Imagine that the Food and Drug Administration (FDA) was a corporation, with its shares owned by the nation's major pharmaceutical companies. How would you feel about the regulation of medications? Whose interests would this corporation be serving? Or suppose that major oil companies appointed a small committee to periodically announce the price of a barrel of crude in the United States. How would that impact you at the gasoline pump?
Such hypotheticals would strike the majority of Americans as completely absurd, but it's exactly how our banking system operates.
The Federal Reserve is literally owned by the nation's commercial banks, with a rotation of the regional Reserve Bank presidents constituting 5 of the 12 voting members of the Federal Open Market Committee (FOMC), the body that sets targets for certain interest rates. The other 7 members of the FOMC are the D.C.-based Board of Governors—which includes the Fed chairperson, currently Janet Yellen—and are nominated by the President. The Fed serves its owners and patrons—the big banks and the federal government, while the rest of Americans get left behind.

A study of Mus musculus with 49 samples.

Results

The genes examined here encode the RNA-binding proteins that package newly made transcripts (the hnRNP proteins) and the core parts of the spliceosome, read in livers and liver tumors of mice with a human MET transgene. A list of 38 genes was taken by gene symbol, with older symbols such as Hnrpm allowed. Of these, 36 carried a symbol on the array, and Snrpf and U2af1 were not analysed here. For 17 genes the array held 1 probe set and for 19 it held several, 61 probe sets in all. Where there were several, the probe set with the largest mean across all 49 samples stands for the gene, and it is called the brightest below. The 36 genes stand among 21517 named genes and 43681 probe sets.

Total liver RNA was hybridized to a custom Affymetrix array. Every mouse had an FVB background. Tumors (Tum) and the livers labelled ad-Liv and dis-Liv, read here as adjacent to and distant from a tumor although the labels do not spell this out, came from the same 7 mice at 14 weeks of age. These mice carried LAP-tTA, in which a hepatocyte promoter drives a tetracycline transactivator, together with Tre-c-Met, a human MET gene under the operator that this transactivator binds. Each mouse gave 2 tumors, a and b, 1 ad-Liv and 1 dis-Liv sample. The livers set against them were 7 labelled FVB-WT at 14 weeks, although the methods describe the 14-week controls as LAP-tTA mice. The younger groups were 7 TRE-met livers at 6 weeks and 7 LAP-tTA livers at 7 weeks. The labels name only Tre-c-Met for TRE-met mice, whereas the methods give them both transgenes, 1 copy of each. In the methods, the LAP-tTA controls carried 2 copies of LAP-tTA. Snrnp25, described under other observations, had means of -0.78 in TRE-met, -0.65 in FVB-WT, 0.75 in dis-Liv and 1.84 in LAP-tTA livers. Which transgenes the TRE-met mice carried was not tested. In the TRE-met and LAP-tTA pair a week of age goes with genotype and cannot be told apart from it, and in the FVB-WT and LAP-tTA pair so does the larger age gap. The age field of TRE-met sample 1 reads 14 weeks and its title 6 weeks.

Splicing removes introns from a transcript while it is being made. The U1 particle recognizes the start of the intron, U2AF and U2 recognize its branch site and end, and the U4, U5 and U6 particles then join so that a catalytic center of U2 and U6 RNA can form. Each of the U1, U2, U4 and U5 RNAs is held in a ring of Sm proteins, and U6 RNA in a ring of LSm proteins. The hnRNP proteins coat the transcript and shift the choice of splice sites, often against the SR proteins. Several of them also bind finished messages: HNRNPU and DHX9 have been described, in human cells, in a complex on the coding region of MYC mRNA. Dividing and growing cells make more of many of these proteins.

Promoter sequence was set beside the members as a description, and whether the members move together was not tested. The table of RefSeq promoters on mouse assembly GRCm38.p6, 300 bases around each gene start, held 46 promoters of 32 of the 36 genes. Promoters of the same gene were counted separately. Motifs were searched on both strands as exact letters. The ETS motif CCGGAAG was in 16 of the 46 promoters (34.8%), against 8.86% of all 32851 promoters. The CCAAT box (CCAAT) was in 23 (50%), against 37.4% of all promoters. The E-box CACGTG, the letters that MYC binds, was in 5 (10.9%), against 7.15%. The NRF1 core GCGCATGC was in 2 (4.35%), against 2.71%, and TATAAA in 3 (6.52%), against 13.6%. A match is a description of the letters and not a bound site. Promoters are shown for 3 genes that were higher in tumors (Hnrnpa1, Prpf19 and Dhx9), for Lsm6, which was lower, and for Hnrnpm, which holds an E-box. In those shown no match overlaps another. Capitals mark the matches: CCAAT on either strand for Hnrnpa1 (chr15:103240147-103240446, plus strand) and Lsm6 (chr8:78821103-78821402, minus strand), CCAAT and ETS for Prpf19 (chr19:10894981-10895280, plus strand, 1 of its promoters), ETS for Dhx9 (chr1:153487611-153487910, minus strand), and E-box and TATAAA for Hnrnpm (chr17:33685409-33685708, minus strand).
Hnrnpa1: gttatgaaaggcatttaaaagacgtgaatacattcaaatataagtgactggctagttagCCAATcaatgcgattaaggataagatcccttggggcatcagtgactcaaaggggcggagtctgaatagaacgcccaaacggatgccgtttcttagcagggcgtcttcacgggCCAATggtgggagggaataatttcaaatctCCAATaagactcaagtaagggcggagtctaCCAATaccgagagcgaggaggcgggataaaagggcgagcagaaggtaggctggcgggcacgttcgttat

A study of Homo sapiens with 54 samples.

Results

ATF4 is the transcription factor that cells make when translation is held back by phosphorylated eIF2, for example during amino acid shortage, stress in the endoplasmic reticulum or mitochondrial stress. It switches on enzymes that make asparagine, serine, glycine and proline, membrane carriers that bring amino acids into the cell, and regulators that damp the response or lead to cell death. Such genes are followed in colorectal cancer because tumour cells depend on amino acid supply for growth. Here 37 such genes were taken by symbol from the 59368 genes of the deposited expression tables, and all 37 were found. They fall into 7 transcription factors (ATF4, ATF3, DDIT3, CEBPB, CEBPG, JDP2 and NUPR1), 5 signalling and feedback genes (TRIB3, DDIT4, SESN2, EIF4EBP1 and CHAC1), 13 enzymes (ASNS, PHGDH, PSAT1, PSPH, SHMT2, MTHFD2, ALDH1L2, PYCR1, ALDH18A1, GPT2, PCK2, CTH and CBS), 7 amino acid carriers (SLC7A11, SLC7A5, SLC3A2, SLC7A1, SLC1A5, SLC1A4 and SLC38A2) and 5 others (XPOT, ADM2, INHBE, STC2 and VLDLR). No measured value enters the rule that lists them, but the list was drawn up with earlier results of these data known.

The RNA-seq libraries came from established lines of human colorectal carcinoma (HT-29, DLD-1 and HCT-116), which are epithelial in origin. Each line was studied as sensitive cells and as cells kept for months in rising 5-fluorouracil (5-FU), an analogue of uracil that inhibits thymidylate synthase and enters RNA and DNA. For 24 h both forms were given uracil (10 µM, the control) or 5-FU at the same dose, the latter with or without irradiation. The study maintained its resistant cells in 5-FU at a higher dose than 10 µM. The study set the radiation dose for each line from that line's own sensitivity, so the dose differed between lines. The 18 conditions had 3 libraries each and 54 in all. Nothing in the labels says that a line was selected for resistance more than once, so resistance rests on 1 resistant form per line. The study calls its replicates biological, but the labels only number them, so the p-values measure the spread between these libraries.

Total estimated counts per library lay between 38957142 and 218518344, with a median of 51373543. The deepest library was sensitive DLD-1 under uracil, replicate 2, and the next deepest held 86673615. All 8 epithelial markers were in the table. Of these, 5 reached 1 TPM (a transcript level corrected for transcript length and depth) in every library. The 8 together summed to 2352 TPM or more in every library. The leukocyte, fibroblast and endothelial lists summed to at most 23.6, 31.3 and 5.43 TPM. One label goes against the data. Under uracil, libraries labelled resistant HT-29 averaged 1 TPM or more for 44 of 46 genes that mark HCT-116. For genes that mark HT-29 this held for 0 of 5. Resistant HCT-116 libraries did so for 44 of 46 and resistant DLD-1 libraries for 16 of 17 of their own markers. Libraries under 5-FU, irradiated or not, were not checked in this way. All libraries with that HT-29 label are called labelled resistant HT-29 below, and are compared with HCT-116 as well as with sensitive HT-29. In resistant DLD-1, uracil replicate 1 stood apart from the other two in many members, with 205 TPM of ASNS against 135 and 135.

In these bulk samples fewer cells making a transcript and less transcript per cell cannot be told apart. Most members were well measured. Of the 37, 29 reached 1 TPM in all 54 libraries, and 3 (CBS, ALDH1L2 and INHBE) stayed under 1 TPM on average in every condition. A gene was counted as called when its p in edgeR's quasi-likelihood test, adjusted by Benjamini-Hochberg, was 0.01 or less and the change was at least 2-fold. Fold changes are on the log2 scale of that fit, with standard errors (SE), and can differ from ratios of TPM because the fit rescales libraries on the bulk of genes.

The Federal Reserve has the ability to create legal tender through mere bookkeeping operations. By the simple act of buying, for example, $10 million worth of bonds, the Federal Reserve literally creates $10 million worth of money and adds it into the system. The seller's account goes up by $10 million once the Fed's monies are received. Nobody's account gets debited for $10 million. This is a tremendous amount of power for an institution to possess, and yet the Fed shrouds itself in secrecy and is accountable to no one.